I represented a lawful permanent resident client first on appeal of whether or not the client was convicted of an ‘aggravated felony’ for immigration purposes. My client was unlawfully deported from the Stewart Detention Center while the appeal was pending which is illegal. The Board of Immigration Appeals dismissed the appeal because the client was deported. I did not give up. Instead, I thought way out of the box and filed a civil suit in U.S. District Court under the Federal Tort Claims Act & Bivens. The lawsuit was based on the fact that the client was unlawfully transported from the Stewart detention center to the border of Mexico without legal authority since the deportation order from the Immigration Judge in Atlanta was not yet final and did not permit the Client’s deportation. I settled the civil case for a nominal amount of money, and the client was reluctantly brought back to the U.S. through ICE’s Mexico City office.
Then the client really got lucky! In the meantime, the Eleventh Circuit Court of Appeals case law changed to make some lawful permanent residents clearly eligible for a waiver of deportation under Section 212(h). More than four years after the client was deported, an Atlanta Immigration Judge then granted a waiver of deportation. My client got his green card back, even after living abroad as a deportee for four years!
I represented another lawful permanent resident who was set up in a small marijuana sale by a confidential informant. He plead guilty without knowing that it would cause his deportation. ICE took him into custody where he sat patiently for about three months. Eventually an Atlanta Immigration Judge ordered client deported because the Immigration Judge would not wait for results of the An appeal taken to the Board of Immigration Appealsfiled in the county of conviction. I challenged the Immigration Judge’s refusal to wait for the results of the Habeas Corpus petition by filing an appeal with the Board of Immigration Appeals.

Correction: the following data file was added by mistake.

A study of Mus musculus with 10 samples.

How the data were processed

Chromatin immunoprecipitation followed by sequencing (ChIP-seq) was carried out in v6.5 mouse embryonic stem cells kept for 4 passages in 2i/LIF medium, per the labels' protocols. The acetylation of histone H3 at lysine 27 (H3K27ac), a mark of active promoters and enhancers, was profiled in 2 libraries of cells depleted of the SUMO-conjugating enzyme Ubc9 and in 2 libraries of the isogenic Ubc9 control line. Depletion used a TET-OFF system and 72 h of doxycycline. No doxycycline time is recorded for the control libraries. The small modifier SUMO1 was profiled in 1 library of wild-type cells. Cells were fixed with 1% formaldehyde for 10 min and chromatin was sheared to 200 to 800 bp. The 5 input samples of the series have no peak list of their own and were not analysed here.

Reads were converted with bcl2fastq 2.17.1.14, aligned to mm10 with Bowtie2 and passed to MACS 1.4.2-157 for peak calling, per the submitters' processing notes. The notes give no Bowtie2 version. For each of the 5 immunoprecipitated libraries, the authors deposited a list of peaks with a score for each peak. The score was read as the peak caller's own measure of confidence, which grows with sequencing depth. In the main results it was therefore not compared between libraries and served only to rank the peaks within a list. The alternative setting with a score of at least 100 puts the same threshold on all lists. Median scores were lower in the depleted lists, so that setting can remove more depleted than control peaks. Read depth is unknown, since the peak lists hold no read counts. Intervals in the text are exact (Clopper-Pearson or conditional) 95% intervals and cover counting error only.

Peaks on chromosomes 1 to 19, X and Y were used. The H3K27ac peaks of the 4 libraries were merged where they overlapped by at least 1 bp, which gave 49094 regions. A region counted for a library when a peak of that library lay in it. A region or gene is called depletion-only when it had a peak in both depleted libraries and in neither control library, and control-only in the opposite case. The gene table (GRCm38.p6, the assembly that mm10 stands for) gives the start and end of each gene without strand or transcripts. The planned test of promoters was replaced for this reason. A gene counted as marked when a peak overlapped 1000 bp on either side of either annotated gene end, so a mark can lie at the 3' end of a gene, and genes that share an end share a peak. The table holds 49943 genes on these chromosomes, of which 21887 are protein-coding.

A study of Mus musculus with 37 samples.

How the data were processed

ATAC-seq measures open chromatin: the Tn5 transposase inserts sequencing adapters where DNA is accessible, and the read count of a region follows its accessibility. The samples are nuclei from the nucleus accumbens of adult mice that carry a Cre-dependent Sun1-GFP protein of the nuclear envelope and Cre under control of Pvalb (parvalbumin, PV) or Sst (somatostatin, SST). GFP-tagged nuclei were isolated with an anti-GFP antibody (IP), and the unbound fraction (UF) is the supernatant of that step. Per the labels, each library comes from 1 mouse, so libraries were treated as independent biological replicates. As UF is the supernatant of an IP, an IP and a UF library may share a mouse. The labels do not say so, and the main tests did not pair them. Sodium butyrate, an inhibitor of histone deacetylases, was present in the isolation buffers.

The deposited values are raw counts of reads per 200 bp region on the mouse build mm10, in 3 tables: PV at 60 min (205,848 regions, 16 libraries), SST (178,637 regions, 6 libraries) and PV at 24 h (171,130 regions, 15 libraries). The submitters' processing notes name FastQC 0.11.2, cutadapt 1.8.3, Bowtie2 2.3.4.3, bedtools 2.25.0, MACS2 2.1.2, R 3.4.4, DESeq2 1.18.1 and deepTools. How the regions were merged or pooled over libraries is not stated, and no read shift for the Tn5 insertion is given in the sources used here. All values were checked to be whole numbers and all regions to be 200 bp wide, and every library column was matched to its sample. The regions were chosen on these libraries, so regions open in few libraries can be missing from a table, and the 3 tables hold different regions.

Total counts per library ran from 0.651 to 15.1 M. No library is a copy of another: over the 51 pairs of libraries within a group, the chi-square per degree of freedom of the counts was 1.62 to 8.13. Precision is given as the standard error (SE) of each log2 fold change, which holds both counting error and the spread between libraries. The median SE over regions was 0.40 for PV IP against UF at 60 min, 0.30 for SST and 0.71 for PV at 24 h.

The habeas corpus petition was then granted based upon ineffective assistance of counsel of the criminal lawyer. The drug sale conviction was set aside, and client eventually pled guilty to misdemeanor possession of marijuana to settle habeas corpus case. Mr. Hill filed Motion to Remand with the Board of Immigration Appeals and case was reopened by the Board. Upon remand to the Immigration Judge, he then terminated proceedings. ICE had discovered client because a small amount of marijuana was found on his person while he was doing something stupid on his motorcycle. This caused him to be brought to the local jail. I worked with very capable local counsel Greg Futch, and the client was acquitted of the second marijuana case which would have resulted in him being subjected to removal proceedings all over again.